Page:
The other evening I returned to this series of abstract washes and started playing around with color, shape and composition until each one started to look like something. I still had my Reno trip in mind and all I could see were aerial landscapes, so I added some roads and fields and lights. The upper right one is a winter scene in Colorado. These studies become nice little 5.5" x 7.5" paintings.
Wednesday, October 13, 2010
Monday, October 11, 2010
Here are some additional explorations I did tonight. I used 140# Arches cold press watercolor paper, gessoed on one side, and began with a color wash over each sheet. I added colors intuitively without thinking, just to see what would happen.
Sunday, October 3, 2010
The next thing I did was to dig out some earlier paintings I did of downtown Los Angeles to see if I could improve them. The original paintings were pen and ink with watercolor done on sketchbook paper and mounted to gesso'd panels. I tackled them with some thick acrylic paint, ignoring the foreground sketch and trying to simplify the composition, and make it more exciting.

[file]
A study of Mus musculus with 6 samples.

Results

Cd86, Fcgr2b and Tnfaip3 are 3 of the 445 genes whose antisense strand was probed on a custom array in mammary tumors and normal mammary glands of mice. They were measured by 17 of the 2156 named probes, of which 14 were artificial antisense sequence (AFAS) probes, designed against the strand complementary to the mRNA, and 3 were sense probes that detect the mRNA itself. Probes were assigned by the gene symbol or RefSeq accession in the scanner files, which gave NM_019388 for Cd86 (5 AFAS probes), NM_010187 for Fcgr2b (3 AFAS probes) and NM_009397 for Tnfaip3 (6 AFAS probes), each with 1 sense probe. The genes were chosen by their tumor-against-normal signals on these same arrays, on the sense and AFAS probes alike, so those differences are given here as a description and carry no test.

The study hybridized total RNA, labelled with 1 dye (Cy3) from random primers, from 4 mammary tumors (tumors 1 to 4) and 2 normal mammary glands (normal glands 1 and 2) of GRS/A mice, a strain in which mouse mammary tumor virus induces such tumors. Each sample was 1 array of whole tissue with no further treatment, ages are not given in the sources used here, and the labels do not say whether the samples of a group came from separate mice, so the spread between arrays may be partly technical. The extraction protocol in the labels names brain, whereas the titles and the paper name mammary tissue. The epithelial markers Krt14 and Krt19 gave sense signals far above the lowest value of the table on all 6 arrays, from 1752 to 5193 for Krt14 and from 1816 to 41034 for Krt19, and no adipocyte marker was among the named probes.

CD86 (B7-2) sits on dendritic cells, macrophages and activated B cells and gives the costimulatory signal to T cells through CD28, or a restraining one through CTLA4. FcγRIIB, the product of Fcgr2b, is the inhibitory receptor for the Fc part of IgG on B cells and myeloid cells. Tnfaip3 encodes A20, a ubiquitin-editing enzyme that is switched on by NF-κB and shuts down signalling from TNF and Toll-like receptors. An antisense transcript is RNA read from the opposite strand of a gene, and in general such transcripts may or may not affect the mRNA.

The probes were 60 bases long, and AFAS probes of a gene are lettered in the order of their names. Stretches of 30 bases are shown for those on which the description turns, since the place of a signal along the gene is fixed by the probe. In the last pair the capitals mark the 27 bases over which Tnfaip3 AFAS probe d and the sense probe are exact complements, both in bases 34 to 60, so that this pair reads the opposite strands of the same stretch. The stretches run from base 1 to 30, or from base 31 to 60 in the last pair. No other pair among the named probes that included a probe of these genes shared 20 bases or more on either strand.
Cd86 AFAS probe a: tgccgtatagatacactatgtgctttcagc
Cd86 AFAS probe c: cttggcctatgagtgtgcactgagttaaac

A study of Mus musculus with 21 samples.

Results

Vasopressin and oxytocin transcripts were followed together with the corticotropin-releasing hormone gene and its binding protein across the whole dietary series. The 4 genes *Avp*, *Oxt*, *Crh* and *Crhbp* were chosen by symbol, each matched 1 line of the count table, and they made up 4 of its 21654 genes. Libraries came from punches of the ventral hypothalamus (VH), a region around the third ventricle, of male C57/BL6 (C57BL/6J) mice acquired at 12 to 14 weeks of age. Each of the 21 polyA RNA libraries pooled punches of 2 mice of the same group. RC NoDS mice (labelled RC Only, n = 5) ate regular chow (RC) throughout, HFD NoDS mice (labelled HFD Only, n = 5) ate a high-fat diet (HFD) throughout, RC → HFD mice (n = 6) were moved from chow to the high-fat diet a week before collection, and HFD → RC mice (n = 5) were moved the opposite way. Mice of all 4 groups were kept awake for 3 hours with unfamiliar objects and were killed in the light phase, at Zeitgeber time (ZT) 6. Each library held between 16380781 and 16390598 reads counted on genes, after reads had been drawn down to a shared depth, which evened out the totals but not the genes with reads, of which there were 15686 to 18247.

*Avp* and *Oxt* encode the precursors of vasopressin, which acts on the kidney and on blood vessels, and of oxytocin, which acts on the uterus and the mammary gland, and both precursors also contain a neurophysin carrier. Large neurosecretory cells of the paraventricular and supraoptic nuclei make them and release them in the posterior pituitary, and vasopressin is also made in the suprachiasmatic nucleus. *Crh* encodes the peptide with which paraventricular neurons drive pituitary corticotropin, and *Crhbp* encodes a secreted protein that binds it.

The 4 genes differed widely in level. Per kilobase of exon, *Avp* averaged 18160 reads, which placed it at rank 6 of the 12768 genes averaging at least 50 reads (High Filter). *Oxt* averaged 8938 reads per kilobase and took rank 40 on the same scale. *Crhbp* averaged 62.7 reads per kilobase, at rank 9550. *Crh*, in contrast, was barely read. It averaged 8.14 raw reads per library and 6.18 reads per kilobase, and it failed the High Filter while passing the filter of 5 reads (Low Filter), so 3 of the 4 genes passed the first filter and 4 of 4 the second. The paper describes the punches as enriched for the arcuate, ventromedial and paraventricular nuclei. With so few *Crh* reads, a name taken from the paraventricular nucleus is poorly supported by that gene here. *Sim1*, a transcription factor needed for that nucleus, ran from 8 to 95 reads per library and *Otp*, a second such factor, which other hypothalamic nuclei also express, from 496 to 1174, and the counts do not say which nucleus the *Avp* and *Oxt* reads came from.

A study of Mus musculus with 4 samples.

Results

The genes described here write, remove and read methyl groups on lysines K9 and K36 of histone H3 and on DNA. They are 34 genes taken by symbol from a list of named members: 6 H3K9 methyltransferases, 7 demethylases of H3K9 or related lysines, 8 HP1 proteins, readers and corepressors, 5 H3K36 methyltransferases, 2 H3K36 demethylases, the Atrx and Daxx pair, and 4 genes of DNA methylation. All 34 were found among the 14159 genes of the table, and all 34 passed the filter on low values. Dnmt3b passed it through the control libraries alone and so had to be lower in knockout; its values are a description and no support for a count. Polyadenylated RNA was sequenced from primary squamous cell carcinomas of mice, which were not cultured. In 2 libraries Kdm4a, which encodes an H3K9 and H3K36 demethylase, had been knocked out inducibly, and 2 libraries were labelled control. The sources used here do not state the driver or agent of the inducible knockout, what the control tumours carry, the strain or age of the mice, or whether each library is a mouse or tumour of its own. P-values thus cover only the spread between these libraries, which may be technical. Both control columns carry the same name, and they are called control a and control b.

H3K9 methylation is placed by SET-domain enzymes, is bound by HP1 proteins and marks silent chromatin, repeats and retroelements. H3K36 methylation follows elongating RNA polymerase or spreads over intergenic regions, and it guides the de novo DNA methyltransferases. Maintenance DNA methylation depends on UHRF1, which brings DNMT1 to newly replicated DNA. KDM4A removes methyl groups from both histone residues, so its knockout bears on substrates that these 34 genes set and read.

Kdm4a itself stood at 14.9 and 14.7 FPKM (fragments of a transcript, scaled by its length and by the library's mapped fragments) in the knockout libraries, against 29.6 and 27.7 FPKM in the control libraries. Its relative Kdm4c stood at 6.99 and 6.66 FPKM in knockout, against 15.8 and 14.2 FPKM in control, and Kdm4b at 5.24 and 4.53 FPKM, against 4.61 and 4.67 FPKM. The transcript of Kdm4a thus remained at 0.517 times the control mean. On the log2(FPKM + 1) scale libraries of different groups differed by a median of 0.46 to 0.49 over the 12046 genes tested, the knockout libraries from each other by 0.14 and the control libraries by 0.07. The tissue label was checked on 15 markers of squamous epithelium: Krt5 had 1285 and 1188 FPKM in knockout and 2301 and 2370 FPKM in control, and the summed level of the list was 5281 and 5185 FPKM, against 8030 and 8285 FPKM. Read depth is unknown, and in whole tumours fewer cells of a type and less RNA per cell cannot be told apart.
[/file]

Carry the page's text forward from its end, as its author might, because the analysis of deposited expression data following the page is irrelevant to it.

The next thing I did was to review the basic composition formats. These are quick black and white studies illustrating six of the twelve composition styles used in most abstract paintings. They are: vertical, circular, overlapping squares, horizontal, cantilever and cruciform. Following Robert's technique, I painted gesso on one side of a 140# Arches Cold Press watercolor paper, cut up into 5.5" x 7.5" rectangles. Then using black and white acrylic paint, I quickly painted the exercises.
I am going through Robert Burridge's book Loosen Up, with the hope that it will not only give me some good pointers on abstract painting but also will inspire me. The first step was to get some additional acrylic paint at the art store and prepare a color wheel.